Training, equipping and supporting officers is ‘most important’ issue for chiefs
The National Police Chiefs’ Council (NPCC) has commissioned an urgent review of officer safety following a spate of serious attacks.
The review was agreed at an extraordinary meeting of chief constables on Monday (September 2), called in the aftermath of the death of Police Constable Andrew Harper and a recorded national increase in officer assaults.
It will be led by Chief Constable Charlie Hall, NPCC lead for operations with findings expected to be considered at an extraordinary Chief Constables’ Council in November.
Chair of the NPCC Martin Hewitt said: “We will draw on analysis and evidence but also work at pace because nothing is more important to chiefs than protecting our people so they can effectively protect the public.
“This review will complement the work every chief constable does to regularly assess the threats and risk in their force, and ensure officers are properly trained, equipped and supported.”
PC Harper was killed on August 15 when responding to a report of a burglary in Berkshire. He was struck by a car and dragged along the road near Sulhamstead.
On August 10, West Midlands Police Constable Gareth Phillips was left with potentially life-changing injuries to his head, pelvis and abdomen after he was knocked down by a suspected car thief who had highjacked the officer’s patrol vehicle.
Two days earlier, Metropolitan Police Service Police Constable Stuart Outten was stabbed in the head with a machete as he tussled with the driver of a van suspected of having no insurance. Despite receiving serious head and hand wounds, he managed to subdue the attacker by discharging his Taser.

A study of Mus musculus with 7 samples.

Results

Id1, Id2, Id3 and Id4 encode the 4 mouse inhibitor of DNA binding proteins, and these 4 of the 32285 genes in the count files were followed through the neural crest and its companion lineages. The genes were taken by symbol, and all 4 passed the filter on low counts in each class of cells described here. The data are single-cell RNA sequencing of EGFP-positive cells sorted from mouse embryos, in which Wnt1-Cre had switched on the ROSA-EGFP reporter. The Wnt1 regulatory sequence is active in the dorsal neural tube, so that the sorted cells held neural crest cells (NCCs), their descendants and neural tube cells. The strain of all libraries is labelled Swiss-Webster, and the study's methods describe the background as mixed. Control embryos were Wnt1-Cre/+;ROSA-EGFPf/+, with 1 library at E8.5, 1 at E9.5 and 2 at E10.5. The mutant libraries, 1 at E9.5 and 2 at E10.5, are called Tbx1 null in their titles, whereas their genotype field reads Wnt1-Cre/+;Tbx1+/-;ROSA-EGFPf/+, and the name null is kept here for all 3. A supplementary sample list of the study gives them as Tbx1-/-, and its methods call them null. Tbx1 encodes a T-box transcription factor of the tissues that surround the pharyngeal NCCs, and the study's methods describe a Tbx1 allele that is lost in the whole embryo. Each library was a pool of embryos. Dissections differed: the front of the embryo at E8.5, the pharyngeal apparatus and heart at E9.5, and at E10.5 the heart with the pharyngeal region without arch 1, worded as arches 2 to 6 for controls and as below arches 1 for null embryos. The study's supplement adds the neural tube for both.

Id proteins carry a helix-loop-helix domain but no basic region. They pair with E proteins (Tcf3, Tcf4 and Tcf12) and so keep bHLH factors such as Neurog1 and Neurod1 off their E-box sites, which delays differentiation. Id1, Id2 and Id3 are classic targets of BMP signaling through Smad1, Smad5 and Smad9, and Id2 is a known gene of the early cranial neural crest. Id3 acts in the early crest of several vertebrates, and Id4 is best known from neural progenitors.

Shortly after the death of PC Harper, two police forces announced they will issue Tasers to all frontline officers who want to carry one.
The Police Federation of England and Wales (PFEW), Police Superintendents’ Association, Unison and the Association of Special Constabulary Officers will be invited to contribute to the review, including in defining terms of reference and reviewing findings.
The NPCC said it will hear from officers about their experiences and will gather all available evidence and research.
The PFEW has campaigned for Tasers to be issued to all officers and is likely to seek an end to single-crewing for response officers. It is also expected to ask chief constables to follow Avon and Somerset Constabulary’s lead in writing to Chief Crown Prosecutors requesting that footage from officers’ body-worn video cameras is shown in court in police assault cases, even in guilty pleas, to show the impact and secure appropriate sentences.
The NPCC said the review will focus on five key areas:
- Officer safety training;
- Deployment and operational planning;
- Investigations into officer assaults and the care provided after an assault; and
- The response from the criminal justice system and the extent to which it is providing a sufficient deterrent.
Mr Hewitt added: “Officers should not have to face assault, but we know there are risks in standing up to criminals and protecting our communities. Training, teamwork and public support gives them the confidence to face those risks.
“The experiences of officers themselves will be central to the review and we will work closely with staff associations representing officers, staff and volunteers.
“Chief constables are already increasing the number of Taser trained officers based on their assessment of the threat, risk and harm locally. But Taser is not the answer to all violent or threatening situations.
“I am determined this work will provide considered recommendations on what more we can do to protect our frontline staff, respond as effectively as possible if they are assaulted and push for justice to be done.”